Artificial intelligence technology can help to meet rising demand for early detection of melanoma.
Skin cancer and melanoma (the most severe type of skin cancer) are becoming a social health issue. The incidence has been rising. Currently, between 2 and 3 million non-melanoma skin cancers and 132,000 melanoma skin cancers occur globally each year.
Experts agree that early detection is essential and can save lives. One third of those diagnosed are below 50 at the time of diagnosis. There is still no medical cure, but recently some new treatments have emerged that can help to extend life for few years.
Those new treatments for advanced melanoma come at a cost, but, if detected at an early stage and removed by excision, the cost is more than 100 times less.
Early detection starts with population awareness – people should always consult their doctor if they are in any doubt about a mole. However, the trouble is that early-stage melanoma can easily be confused with benign moles, and 90% of the population has at least one mole.
With cases on the rise, the number of dermatologists will soon be insufficient to cope with the increased workload. New ideas are sorely needed.
Wanted: innovative solutions
I ask often myself why around 30% of melanoma are still detected at an advance stage? Why are there so many benign lesions excised – about 20 to 30 times more than the number of malignant lesions?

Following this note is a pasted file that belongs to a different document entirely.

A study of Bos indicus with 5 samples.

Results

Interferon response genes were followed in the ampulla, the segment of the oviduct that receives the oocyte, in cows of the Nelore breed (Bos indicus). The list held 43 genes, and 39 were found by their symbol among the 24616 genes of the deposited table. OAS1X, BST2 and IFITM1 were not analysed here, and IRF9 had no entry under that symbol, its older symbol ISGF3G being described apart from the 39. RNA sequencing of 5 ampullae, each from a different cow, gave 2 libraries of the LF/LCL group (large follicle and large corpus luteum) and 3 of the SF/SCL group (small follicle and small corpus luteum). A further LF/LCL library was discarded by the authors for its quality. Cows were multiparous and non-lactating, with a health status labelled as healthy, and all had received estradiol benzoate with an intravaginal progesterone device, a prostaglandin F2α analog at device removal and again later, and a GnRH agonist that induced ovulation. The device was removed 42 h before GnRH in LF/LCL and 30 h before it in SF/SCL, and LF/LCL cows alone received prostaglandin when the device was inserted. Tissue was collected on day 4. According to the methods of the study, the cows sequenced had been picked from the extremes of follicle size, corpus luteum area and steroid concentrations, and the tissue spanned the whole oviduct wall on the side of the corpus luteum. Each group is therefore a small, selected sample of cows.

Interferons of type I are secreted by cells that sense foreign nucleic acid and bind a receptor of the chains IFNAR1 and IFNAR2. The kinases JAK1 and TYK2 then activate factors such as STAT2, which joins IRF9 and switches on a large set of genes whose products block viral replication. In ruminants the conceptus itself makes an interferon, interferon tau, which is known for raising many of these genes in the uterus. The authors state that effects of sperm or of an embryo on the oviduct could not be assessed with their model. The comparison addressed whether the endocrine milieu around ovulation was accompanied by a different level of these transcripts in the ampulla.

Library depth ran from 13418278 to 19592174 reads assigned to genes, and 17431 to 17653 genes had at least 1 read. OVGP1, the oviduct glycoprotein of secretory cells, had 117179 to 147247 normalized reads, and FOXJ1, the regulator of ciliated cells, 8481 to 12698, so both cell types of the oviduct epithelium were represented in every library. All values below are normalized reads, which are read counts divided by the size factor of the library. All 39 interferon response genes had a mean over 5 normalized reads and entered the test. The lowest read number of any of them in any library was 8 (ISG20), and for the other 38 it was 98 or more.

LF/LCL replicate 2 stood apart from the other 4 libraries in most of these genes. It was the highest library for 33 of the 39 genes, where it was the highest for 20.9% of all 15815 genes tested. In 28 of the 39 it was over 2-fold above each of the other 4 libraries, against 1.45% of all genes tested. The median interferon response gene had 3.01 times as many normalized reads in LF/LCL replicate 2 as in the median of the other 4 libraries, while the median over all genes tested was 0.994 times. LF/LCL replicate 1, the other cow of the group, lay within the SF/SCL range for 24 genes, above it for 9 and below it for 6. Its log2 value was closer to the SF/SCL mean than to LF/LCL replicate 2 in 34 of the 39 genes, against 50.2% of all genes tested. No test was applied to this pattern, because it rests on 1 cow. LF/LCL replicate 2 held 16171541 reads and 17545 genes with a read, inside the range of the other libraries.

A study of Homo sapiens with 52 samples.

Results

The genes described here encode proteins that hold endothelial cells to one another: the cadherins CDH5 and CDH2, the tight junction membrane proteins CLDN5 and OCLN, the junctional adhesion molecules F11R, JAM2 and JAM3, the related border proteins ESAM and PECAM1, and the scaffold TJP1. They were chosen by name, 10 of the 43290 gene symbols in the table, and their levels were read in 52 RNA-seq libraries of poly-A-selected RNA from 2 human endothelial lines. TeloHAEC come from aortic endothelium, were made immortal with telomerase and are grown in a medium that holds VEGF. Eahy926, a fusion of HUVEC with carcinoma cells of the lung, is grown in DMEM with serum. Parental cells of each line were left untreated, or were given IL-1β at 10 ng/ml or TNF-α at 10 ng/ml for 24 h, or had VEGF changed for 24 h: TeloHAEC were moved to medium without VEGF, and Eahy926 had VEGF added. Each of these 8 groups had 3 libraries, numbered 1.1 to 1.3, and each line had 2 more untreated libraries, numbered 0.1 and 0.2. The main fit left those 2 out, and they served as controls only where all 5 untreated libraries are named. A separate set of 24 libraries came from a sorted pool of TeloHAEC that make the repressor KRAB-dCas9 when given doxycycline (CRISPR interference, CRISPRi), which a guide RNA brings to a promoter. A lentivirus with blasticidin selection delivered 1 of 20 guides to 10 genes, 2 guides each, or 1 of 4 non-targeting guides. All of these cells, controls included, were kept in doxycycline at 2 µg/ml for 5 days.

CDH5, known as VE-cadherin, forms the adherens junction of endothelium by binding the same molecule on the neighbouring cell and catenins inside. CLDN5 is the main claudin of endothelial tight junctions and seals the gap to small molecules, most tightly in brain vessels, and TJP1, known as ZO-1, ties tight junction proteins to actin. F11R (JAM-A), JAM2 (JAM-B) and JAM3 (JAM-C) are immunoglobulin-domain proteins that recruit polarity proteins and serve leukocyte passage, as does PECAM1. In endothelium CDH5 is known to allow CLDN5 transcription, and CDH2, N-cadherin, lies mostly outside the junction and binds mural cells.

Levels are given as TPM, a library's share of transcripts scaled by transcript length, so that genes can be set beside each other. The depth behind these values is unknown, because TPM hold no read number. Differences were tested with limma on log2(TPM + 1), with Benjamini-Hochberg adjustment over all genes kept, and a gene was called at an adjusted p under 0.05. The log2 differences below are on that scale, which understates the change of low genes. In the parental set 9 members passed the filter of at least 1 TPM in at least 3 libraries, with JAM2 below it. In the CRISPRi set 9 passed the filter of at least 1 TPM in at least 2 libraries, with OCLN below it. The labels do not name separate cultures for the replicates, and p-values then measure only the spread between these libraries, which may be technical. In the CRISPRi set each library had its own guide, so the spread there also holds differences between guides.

Why is it so difficult for general practitioners, who are very often acting as a first point of contact, to do an efficient skin exam?
I believe that with new technologies and e-health, which allow us to set up new processes and bring innovative healthcare services to clinics, solutions can be found to overcome those issues.
When dermatologists began using dermoscopy in the 1990s (or epiluminescence microscopy) it improved doctors’ capacity to see deeper under the skin. This enhanced specificity and sensitivity of diagnosis by up to 35% compared to the naked eye.
But, while the test itself takes just a few seconds, consultations with dermatologists take an average of 15 to 30 minutes. This limits the number of people who can access specialist skin check-ups. Others must rely on general practitioners who act as ‘gatekeepers’.
What if there is another way that would improve access while optimising the use of specialist time?
At Dermosafe we have built an IT platform that does exactly this. By arming healthcare assistants with a simple, user-friendly point-and-click device, we can take high-resolution images of patients without requiring a specialist consultation. These images are then viewed through a highly-secure web platform where they can be analysed by specialists trained for digital dermoscopy.
They system is supported by an artificial intelligence (AI) program that ensures the highest level of quality and performance. The result is a technology that increases the screening capacity of specialists by a factor of 10.
The tool has already been used to test around 15,000 moles on patients in France and Switzerland.